Thumbs up at White PassFebruary 21, 2008
Well, it wasn’t so much thumbs plural as it was just the one thumb. And it wasn’t up so much as it was down, caught in the snow, and quickly swelling and bruising. I’ll start at the beginning.
Saturday was a day for skiing up at White Pass. Someone at work had organized a bunch of people to go, and we all met at a parking lot early in the morning. There weren’t as many as I had hoped, and I only ended up with one other person in my car. Fortunately, he planned to ski, and he was experienced, so I would likely have a ski partner. Once we all got up there, we split apart immediately. Some went off to do cross-country skiing, some were doing snowboarding, and Jesper (from Denmark) and I got in the rental line for skis. The line was longer than I had ever seen, and after 1/2 an hour we finally got to the front. Shortly after, we had our skis and were on the slopes.
The snow was less than ideal. In fact, it pretty much sucked. There was a hard icy crust on top and no powder. Even the moguls were hard bumps with slippery tops that didn’t slow the skis down. It was challenging, but not in a good way. Fortunately, on the straight parts I could just tuck and go extremely fast. Jesper wasn’t the type to go fast; he liked to take long curves. I didn’t have to wait for him for long, though. We skied through the day. He stopped for a quick lunch and I ate from my pockets and continued to ski. I typically carry string cheese, fruit snacks, pepperoni or beef jerky, and a bottle of water in my jacket, so I’m fine to just munch on the lift. After my third run alone we met up again at the lift.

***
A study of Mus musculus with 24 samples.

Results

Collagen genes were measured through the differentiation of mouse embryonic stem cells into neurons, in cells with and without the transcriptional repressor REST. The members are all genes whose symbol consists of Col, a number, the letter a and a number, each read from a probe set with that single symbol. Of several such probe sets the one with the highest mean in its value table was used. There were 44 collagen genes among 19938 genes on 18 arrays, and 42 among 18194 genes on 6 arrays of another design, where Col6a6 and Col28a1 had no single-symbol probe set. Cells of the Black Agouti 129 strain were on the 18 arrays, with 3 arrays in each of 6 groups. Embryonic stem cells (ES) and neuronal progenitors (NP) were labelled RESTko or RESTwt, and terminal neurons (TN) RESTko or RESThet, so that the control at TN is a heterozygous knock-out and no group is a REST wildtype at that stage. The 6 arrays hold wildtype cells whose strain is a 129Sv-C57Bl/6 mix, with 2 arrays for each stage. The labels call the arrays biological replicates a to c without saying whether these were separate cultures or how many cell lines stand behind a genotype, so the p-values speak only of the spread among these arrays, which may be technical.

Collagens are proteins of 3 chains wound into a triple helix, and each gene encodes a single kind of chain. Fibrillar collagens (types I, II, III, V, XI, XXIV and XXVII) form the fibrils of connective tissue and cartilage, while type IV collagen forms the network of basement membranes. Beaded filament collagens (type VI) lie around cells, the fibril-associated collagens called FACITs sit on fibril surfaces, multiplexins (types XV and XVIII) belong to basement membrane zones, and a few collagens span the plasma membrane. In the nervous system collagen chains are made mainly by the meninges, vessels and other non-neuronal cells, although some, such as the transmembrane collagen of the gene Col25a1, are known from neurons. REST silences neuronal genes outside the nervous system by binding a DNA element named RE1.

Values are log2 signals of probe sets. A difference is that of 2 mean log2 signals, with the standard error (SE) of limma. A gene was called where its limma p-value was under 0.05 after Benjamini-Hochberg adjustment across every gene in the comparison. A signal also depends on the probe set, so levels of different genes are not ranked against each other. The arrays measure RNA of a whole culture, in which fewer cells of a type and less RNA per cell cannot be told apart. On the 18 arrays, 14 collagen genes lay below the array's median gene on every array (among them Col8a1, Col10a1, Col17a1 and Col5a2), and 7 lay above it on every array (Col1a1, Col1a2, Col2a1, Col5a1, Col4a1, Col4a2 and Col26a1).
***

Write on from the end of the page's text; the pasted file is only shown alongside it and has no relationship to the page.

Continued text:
There was one run that he liked a lot that included taking the ridge as far as possible, going down a bit and skating up to the peak. We could see all around from there. It’s not a friendly start, though, with a small area only a few feet wide that you have to slide down sideways before it opens up. The tricky part was that with the hard icy snow and no way to turn, I got going pretty quickly and didn’t have any way to stop. The first time I did this part I put my hand on the slope as I was going and put my hand through the crust. It’s disturbing enough that the slope is such that you can put your hand against it while still standing. The second time down the run I touched the slope again, but this time it bit back; I hit something that bent my thumb in ways unintended. I was still going, though, so I came to a stop and took off my glove to inspect and check for breaks. Fortunately, there were none, but it hurt a lot.
I was good for a few more runs but had an occasional pain as I used my injured hand. I stopped about fifteen minutes before closing time, and Jesper went on one last run. I returned my skis and waited. The rest of the caravan had already left for home, so it was just the two of us again. We drove home, stopping at Miner’s for the caloric Miner burger.
My thumb has since swelled a bit, and there is obvious bruising at the joints. I can’t quite move it as much, but it seems to be healing fine. The lesson is to keep your hands and feet inside at all times.